Those who have served the current US president are necessarily tainted by the experience. While they should not be barred from speaking at universities, they should be accorded none of the trappings of institutional esteem such as fellowships, named lectures, and keynote speeches.

CAMBRIDGE – The University of Virginia recently faced a storm of protest after its Miller Center of Public Affairs appointed President Donald Trump’s former Director of Legislative Affairs, Marc Short, to a one-year position as Senior Fellow. Two faculty members severed ties with the center, and a petition to reverse the decision has gathered nearly 4,000 signatures. A similar protest erupted at my home institution last year, when Corey Lewandowski, a one-time campaign manager for Trump, was appointed a fellow at Harvard’s Institute of Politics.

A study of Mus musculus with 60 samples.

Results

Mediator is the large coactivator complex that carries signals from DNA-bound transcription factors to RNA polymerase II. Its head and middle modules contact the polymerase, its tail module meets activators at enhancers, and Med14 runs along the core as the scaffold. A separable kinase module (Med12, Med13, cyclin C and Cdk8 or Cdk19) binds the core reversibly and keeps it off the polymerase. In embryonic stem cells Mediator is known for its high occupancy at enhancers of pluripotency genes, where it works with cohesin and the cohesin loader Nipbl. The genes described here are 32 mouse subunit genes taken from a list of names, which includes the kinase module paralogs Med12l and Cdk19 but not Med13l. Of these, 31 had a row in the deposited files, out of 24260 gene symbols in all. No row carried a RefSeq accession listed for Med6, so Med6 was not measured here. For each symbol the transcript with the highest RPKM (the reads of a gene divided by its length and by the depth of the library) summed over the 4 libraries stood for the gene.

The Trump administration confronts universities with a serious dilemma. On one hand, universities must be open to diverse viewpoints, including those that conflict with mainstream opinion or may seem threatening to specific groups. Students and faculty who share Trump’s viewpoint should be free to speak without censorship. Universities must remain fora for free inquiry and debate. Moreover, schools and institutes of public affairs must offer student and faculty opportunities to engage with the policymakers of the day.

On the other hand, there is the danger of normalizing and legitimizing what can only be described as an odious presidency. Trump violates on a daily basis the norms on which liberal democracy rests. He undermines freedom of the media and independence of the judiciary, upholds racism and sectarianism, and promotes prejudice. He blithely utters one falsehood after another.